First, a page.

Previous: The Sycamore Tree: The Anthropocene Reviewed
Next: I Predicted the Pandemic (over and over and over again)



View count:523,048
Last sync:2023-01-08 11:15
Am I qualified to make this video? No I am not. But are the people who manipulate our markets so that they can harm the economy for their own gain qualified to do that? ALSO NO!!!

Subscribe to our newsletter!
And join the community at
Help transcribe videos -
Learn more about our project to help Partners in Health radically reduce maternal mortality in Sierra Leone:
If you're able to donate $2,000 or more to this effort, please join our matching fund:
John's twitter -
Hank's twitter -
Hank's tumblr -
Book club:
Good morning John. I wasn't gonna do this, but then I saw a former head of the SEC on CNBC comparing the freakin' GameStop short squeeze to the siege on The Capitol and I got too mad and so now I'm here. 
I think it's fairly easy to pull back the curtain here and talk about why this happened, why-- does this mean that you shouldn't have faith in the stock market, and why it is nothing like the siege on the Capitol.

GameStop is a mall retailer that sells video games, and so it's been struggling. Its current business model is not well suited to a pandemic or the future in general. A bunch of finance people noticed this, not a complicated thing to notice, and they wanna make money off of that. Now they might not own GameStop stock, they didn't buy when it was high, so they can't really sell it when it's low. They can buy it low and sell it lower, but the way to really make money off this is to make a bet. To bet that it will go down a certain amount in a certain amount of time. And just like in Vegas, when you bet gets more specific, your payout if you win will be higher. They then make these bets public, the rest of the market sees it, and that should drive the prices of the stock down. But then, someone notices that GameStop isn't actually doing that poorly. They're sitting on a fair amount of cash, people are coming in and buying PS5s, they're not doing well, but they're not going bankrupt. So those people start to buy GameStop stock. And then it stops crashing. But the people who made the bets get worried, so they make more bets so that the market will see that and they will lower the price again. And this works for an amount of time. They do it so much that they actually, it turns out, have made promises to buy more GameStop stock than exists on the market. Someone notices this, and they say a fairly simple sentence. "The finance guys have promised to buy so much GameStop stock that if it doesn't go bankrupt or get purchased by a private equity fund in the next like three months, they're going to have to buy GameStop stock at whatever the price is. And we can be the ones selling it to them. At whatever the price is."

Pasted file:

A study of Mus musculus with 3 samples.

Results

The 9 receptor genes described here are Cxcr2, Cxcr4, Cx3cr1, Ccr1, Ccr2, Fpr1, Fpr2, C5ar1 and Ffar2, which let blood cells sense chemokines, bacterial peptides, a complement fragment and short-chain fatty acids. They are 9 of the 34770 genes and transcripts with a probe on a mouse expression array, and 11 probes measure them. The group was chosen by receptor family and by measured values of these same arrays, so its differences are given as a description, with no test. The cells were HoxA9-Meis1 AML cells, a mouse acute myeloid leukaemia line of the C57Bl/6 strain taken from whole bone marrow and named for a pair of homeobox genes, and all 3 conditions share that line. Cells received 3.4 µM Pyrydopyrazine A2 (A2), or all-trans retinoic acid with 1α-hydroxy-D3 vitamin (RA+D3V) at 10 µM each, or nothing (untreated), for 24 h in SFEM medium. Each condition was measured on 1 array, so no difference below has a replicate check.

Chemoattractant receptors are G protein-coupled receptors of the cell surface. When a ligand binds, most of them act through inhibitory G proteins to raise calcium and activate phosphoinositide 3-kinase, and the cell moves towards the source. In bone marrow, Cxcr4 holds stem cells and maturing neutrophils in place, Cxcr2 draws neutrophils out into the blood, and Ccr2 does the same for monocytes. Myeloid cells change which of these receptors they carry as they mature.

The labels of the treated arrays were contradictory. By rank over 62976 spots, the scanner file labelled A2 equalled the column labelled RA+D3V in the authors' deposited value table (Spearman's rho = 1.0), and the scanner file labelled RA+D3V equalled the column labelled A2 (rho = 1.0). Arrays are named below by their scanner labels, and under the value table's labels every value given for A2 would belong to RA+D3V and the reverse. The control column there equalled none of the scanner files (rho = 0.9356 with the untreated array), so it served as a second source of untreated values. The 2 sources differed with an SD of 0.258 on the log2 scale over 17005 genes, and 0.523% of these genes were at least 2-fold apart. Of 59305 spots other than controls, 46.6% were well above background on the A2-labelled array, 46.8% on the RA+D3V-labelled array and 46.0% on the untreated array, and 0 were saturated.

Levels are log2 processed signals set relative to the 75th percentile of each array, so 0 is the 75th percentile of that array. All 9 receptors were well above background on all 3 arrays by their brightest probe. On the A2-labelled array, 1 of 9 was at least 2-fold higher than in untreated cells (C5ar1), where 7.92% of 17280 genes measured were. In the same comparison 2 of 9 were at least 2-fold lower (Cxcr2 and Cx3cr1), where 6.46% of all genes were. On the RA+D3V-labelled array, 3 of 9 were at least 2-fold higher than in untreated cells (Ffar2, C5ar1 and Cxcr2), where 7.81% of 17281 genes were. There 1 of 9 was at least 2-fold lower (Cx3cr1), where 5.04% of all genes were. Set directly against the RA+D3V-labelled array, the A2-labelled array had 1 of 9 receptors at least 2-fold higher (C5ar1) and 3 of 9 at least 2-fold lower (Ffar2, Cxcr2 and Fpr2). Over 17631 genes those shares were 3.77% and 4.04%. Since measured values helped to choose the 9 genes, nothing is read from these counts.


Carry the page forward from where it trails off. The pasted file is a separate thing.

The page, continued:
Other people hear that and they're like, "you know what? You're right." So they do that. They start to push the price of the stock up probably closer to what it actually should be worth, considering that the company is not going bankrupt. And then the stocks start to increase in value, a lot, and that becomes news, and that brings more people and whether they understand what's going on or not. And at some point here this starts to transition from squeezing value out of hedgefunds, to just a little mini pyramid scheme. Buying the stock because people are buying the stock, and then trying to get more people to buy the stock so you can sell the stock when it's higher.

Because eventually, the price of Gamestop is going to go back down to a rational number. From even the most optimistic perspective, Gamestop is worth ten times less what it's trading at right now. As long as you're still squeezing the hedge funds it's about that, not about the price, but eventually, those squeezes run out and it has to go back down to a normal price. That is eventually going to happen and on the way down people are going to lose a lot of money.

Now for everyone involved in this, this was a gamble. This was not investment. If you go into the discords where these things are organized, it's just a bunch of people bullying each other not to sell while slowly selling in the background to make sure they've locked their profits in. Also, it's very exciting. And for certain brains, mine included, that kind of feedback is dangerous and addictive. And we've seen the exuberance of this sort of, like, explode out into other places. Like there wasn't a fundamental, weird reason why dogecoin was suddenly worth more.

The important thing here is that this instability was not created by Reddit. It was created by hedge funds who promised to buy more stock than existed. There are some real, terrible, arcane systems for manipulating our world for the benefit of, like, the worst people. And it's just people. It's not magic, it's decipherable. And none of it has much to do with how the market actually works, which is that people buy shares in companies that they think are doing well and will do better, and sell shares in companies they think will not do well.

Now, these manipulating agencies should be regulated out of existence. They shouldn't be able to do what they do. But instead, at least in this one way, they got memed out of existence. That door has been slammed in their face by a few hundred people who figured something out, and a few million people who were mobilized in a financial action unlike anyone has ever seen ever in the world.

Eventually, people are going to figure out how powerful they are. It'll be interesting to see what we do with that. John, I'll see you on Tuesday.